Fall is upon us, and it's time for a hearty home recipe from MAB. So, tonight, I thought I would let you in on my secret to making pancakes. My mom brought me homemade, organic syrup back from her vacation. The bottle is shaped like a maple leaf, and that was my inspiration for whipping up a wonderful pancake dinner. Here are my easy to follow steps.
1. Dig out your magic pancake pan, kind of like an omlette pan without the divider thingie in the middle. It has an attached, hinged lid, and the bottom has a deeper well. I think well is the right word here. It's Teflon coated, and is supposed to make large, effortless, yummy pancakes because you can flip them right in the pan. Magic!
2. Dig out your pancake mix. I had pancake mix that I bought at Big Lots. Tricky stuff, as it had no measuring info on the back, unless you want to make the whole box. I don't want to make the whole box. I'm just adding water, so I wing it, and mix up a random amount in a bowl. How hard can it be?
3. Spray the pan with nonstick spray, because you can't be too careful, right? Heat up the pan on the stove.
4. Pour in the first glob of batter for the first pancake. Realize that the batter is way too thick. Allow it to cook until it smells sort of burny. Close the lid and flip it over the sink, so that the batter spatter (fun to say) goes into the sink. Allow the other side to cook for a random amount of time.
5. Open the lid and realize that part of the top has stuck to the lid. Also, the center is raw. The edges are a nice crunchy brown. Use a plastic spatula to slide the defective pancake onto a plate. Scrape the stuck crap off the top lid.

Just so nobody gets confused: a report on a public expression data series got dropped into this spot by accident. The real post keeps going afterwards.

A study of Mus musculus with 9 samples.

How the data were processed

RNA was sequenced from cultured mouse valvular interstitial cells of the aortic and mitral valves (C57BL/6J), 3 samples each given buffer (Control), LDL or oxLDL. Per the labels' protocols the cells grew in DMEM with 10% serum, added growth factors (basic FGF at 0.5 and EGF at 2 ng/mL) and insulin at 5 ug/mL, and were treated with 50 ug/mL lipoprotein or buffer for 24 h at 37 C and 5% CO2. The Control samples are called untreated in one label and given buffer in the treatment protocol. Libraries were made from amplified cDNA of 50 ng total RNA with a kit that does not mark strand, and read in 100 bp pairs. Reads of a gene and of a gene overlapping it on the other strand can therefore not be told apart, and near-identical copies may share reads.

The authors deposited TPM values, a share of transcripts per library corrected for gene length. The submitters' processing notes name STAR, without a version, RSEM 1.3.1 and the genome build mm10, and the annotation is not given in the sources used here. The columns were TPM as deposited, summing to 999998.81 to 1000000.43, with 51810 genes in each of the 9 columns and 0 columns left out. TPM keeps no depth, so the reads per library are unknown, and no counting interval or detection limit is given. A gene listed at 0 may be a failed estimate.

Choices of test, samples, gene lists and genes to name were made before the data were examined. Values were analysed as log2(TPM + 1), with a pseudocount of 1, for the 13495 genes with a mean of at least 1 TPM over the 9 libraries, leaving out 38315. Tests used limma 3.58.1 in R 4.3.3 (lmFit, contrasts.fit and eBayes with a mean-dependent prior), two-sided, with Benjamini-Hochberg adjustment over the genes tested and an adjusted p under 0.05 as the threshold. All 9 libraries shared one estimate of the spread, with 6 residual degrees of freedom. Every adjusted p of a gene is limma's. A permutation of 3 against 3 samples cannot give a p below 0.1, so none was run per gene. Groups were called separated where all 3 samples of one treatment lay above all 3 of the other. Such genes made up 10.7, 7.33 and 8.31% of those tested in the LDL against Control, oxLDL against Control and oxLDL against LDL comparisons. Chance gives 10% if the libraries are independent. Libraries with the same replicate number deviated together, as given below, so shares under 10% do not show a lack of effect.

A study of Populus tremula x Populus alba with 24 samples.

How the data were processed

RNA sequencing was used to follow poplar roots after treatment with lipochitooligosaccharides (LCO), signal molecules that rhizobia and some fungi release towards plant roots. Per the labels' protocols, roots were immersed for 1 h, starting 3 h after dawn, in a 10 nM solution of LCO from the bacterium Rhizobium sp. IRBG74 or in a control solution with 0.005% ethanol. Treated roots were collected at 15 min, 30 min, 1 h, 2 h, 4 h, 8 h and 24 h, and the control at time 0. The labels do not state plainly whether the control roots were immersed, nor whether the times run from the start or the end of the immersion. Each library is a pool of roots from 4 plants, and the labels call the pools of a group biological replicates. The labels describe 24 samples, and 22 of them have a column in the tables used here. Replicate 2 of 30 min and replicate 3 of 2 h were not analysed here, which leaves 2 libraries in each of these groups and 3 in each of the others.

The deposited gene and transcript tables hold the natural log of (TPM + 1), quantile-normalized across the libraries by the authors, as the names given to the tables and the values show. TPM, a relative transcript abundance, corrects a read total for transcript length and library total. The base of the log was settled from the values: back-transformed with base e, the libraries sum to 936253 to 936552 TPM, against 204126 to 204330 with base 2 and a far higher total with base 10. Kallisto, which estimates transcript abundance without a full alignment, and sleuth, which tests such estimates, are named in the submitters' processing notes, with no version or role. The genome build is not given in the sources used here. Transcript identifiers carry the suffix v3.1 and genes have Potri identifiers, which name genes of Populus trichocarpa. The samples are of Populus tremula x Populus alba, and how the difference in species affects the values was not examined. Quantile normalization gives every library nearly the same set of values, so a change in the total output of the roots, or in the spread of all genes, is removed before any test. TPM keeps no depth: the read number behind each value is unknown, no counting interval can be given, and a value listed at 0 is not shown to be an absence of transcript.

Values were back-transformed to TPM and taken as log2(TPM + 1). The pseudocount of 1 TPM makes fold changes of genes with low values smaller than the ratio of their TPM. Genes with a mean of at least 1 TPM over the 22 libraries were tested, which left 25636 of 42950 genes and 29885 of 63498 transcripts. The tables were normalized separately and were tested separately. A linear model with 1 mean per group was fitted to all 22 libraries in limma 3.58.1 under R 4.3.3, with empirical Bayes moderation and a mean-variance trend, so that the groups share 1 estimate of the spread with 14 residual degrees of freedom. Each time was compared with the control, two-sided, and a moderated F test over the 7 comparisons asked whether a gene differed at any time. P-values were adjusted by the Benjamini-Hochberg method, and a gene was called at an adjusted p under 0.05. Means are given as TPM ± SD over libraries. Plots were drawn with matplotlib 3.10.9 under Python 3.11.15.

6. Add more water to the remaining batter. Spray the pan again. Remain optimistic. People make pancakes every day. It's not like you're attempting cold fusion in a coffee mug here.
7. Warm the pan a bit again on the stove. Fill the bottom with batter. Watch the pancake bubble nicely. That's because it's pretty much boiling, because it's 80% water. You have added too much water. Curse.
8. Flip the pan over the sink. Watch in amazement as batter flies freaking everywhere--all over the sink, all over the counter, in your hair, and on the floor. Curse some more.
9. Put the pan on the stove. Begin to clean up some of the collateral damage. Note a strange pungent singeing smell. The batter has run out of the pan and onto the burner. Be amazed at the thickness of the smoke that can come from burning pancake batter.
10. Snatch the pan off of the burner. Open the pan to find a burnt black pancake the thickness of a Hallmark greeting card. Put it on top of the half-raw first pancake on the plate. Throw the pan into the dishwater in disgust.
11. Open the window to air out the smoke.
12. Stare at the pancakes, realizing that you cannot pour expensive, yummy, handmade syrup in a fabulous maple leaf shaped bottle onto these pucks of misery. Get the cheap syrup out of the fridge and squirt it on.
13. Abandon the destroyed kitchen.
14. Eat three small bites of the pancakes. Understand that no one could eat more than three bites of these pancakes. Any more than that would kill any joy you might have for life.
15. Throw the pancakes away.
16. Wash dishes. Hose down kitchen. Scrape burnt, coal-like batter matter (fun to say) off of the burner and burner pan. Shower to remove batter from hair. Curse intermittently throughout these actions.
17. Eat Munchos and Swiss cheese for dinner.
18. Despise the cute tiny bottle of syrup for provoking this entire futile exercise.